This Is a Call: The Life and Times of Dave Grohl
“In following this kid from the back blocks, who not only graces the covers of Modern Drummer and of Guitar World in one lifetime, who has made and held a fortune, owns his own record company, hangs out with presidents and movie stars, and gigs with musical luminaries regularly, Paul Brannigan loops a fascinating narrative around a compelling and likeable character.”
It’s fair to say you know you’re about to embark on a special kind of journey when a bio on a contemporary American rock star launches right into aspects of mid-20th century European history.
Paul Brannigan’s biography of musician Dave Grohl and his era, reaches ambitiously out of bounds for the conventional pop bio, cradling its subject in layers of context, political and social history, and a Ben Hur cast of big names and lesser lights shuffling across the pages in an unending stream of influential supporting roles along the subject’s unlikely path to fame and fortune.
Pretentious and overly earnest it may have been, but author Brannigan’s excellent segues, characterizations, and lyrical zip ensure This Is a Call occasionally tips but never topples under its own weight. The result is an educational and highly entertaining read.
Dave Grohl emerged from the west coast scene in the mid-1980s and traced a path more or less directly to mega-stardom and undreamed of wealth as the drummer for the iconic punk/grunge band Nirvana.
As the author of one of the most recognizable rhythm section count-ins of our era—the drum intro to “Smells Like Teen Spirit,” the video of which is approaching 60 million YouTube hits—Grohl’s story might justifiably center on his best known mega-band.
But Nirvana’s shambolic lurch across the stage of popular music only covers a few middle chapters—the journey from Nirvana’s take-off to the suppurating, drug-addled decline of its enigmatic singer/songwriter Kurt Cobain, which covers just 15 pages—and it is clear that the Nirvana Supanova was but a brief if powerful light on the wide horizon of Dave Grohl.
The rise and fall of Nirvana is, however, where readers may really feel This Is a Call gets moving. The early career of Grohl is mired in grunge and punk culture, with bands like Black Flag, Mudhoney, Fugazi, Bad Brains, and Grohl’s own Scream thundering out a soundtrack. For Grohl as for many of his peers, it was a time punctuated with bouts of homelessness and poverty, of lost nocturnal lifestyles infused with the whiff of weed and beer breath.
While this trawl through back alleys and squats may be of interest to those who lived it or for dedicated music historians, the detail and depth seem overdone for a wider audience. Less an insight to Grohl’s backstory, it often careens away from Grohl for long periods, and tends to read like nothing more than a misjudged effort to offer a linear, eponymously grungy history for an anarchic and spontaneous musical era.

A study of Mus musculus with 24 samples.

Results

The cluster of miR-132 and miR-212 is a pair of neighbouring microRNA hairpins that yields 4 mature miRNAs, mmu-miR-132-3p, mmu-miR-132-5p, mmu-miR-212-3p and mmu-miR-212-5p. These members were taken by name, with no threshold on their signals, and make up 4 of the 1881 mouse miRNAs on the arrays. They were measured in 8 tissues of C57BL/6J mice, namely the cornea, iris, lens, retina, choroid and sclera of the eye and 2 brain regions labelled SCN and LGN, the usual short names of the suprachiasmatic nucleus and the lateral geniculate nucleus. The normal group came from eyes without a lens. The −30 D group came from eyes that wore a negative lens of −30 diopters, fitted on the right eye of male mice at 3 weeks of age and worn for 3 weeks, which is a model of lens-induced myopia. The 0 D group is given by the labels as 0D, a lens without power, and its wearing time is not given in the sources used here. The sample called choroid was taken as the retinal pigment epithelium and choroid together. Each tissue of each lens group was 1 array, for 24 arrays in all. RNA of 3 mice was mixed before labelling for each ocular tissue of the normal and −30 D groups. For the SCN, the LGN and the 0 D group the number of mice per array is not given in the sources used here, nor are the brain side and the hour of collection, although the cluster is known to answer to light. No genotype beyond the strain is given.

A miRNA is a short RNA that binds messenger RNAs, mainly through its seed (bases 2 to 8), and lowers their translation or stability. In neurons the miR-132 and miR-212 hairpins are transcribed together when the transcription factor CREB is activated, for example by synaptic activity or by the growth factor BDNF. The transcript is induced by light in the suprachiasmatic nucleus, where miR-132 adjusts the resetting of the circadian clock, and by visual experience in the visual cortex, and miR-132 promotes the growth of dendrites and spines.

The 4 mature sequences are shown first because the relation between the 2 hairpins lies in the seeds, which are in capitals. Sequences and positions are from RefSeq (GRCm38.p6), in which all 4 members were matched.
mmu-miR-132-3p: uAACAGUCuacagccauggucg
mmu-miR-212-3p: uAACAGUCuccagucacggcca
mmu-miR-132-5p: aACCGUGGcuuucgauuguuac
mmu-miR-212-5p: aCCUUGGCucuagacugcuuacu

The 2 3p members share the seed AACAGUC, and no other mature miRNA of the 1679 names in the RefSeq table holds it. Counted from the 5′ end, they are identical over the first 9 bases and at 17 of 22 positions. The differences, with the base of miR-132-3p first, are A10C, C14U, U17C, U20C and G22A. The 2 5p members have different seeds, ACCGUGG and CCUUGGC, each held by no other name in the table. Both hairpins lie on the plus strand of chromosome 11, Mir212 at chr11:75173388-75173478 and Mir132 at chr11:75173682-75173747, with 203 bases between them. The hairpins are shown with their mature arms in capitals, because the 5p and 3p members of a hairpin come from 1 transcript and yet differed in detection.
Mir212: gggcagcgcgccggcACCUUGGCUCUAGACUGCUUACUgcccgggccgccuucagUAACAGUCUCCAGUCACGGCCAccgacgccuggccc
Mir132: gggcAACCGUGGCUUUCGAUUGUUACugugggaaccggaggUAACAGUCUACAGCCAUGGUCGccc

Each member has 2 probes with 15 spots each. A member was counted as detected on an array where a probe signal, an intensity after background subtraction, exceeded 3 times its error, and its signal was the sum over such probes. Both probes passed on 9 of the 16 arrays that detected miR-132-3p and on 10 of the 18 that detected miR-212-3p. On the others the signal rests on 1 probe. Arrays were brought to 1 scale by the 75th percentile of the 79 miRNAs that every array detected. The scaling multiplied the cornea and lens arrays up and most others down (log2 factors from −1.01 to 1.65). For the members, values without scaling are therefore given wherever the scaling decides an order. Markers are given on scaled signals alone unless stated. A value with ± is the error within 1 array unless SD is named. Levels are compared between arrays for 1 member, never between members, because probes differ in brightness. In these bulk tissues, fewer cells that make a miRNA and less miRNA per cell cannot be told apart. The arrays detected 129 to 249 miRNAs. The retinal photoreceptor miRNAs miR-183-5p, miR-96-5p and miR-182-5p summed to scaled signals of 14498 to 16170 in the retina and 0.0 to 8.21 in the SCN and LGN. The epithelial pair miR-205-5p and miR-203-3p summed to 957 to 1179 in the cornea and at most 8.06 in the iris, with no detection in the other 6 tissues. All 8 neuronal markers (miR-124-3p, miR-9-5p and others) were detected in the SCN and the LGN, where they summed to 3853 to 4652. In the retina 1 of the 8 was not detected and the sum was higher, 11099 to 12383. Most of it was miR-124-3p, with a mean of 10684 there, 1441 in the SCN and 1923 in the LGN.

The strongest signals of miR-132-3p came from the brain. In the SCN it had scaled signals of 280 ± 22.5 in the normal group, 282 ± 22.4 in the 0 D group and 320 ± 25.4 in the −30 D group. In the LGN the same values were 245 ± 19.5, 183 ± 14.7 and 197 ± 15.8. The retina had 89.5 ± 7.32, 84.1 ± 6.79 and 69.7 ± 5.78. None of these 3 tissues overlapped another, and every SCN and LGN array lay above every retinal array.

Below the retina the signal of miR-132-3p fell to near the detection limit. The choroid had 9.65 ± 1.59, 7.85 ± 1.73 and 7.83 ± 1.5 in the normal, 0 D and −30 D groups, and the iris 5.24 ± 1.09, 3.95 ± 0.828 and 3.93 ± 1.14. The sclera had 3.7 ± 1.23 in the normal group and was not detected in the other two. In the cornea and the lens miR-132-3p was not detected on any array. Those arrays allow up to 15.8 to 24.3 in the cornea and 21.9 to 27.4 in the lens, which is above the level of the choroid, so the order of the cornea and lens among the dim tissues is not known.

Grohl is nothing if not a survivor and a canny player of people and situations, and this sense of him is subtly captured by Mr. Brannigan’s deft analysis, which is on a surer footing as the book moves into the Nirvana phase and beyond into Foo Fighters, QOTSA, and Them Crooked Vultures territory.
For Grohl to have survived being in the presence of a seemingly demented misogynist like the late Cobain and his muse Courtney Love (perhaps the Yoko of her generation), with reputation and social network more or less intact is a testimony to his innate strength of character and fortitude.
As Mr. Brannigan discovers, his subject freely admits that there was a plan all along: “was I comfortable selling 10 million records and buying a house and finally being able to support myself playing music? Absolutely . . . I have never, ever wished for anything less.”
So, turns out Dave Grohl, the “nicest guy in rock music” and someone who has earned his punk chops is a materialist and a careerist. Nothing wrong with that necessarily, of course, but it does give an insight to the hard head on the shoulders of the anti-establishment punk who heard in music a pulse that “made me want to break shit,” who became the iconic, mainstream millionaire rock king we have today.
But Grohl never seems to be enamored of wealth and fame for its own sake. It’s all really just a means to the end of playing music, on his terms, with pretty much whomever he wants, forevermore. Driven by a simple desire to go on creating without the daily press of financial limitation or the threat of obscurity, Grohl is not unlike any creative mind, an artistic everyman.
In following this kid from the back blocks, who not only graces the covers of Modern Drummer and of Guitar World in one lifetime, who has made and held a fortune, owns his own record company, hangs out with presidents and movie stars, and gigs with musical luminaries regularly, Paul Brannigan loops a fascinating narrative around a compelling and likeable character.
While a more intimate biography of Grohl perhaps awaits, this is high quality, street cred music journalism, artfully meshed with undoubted musicological and cultural history grunt.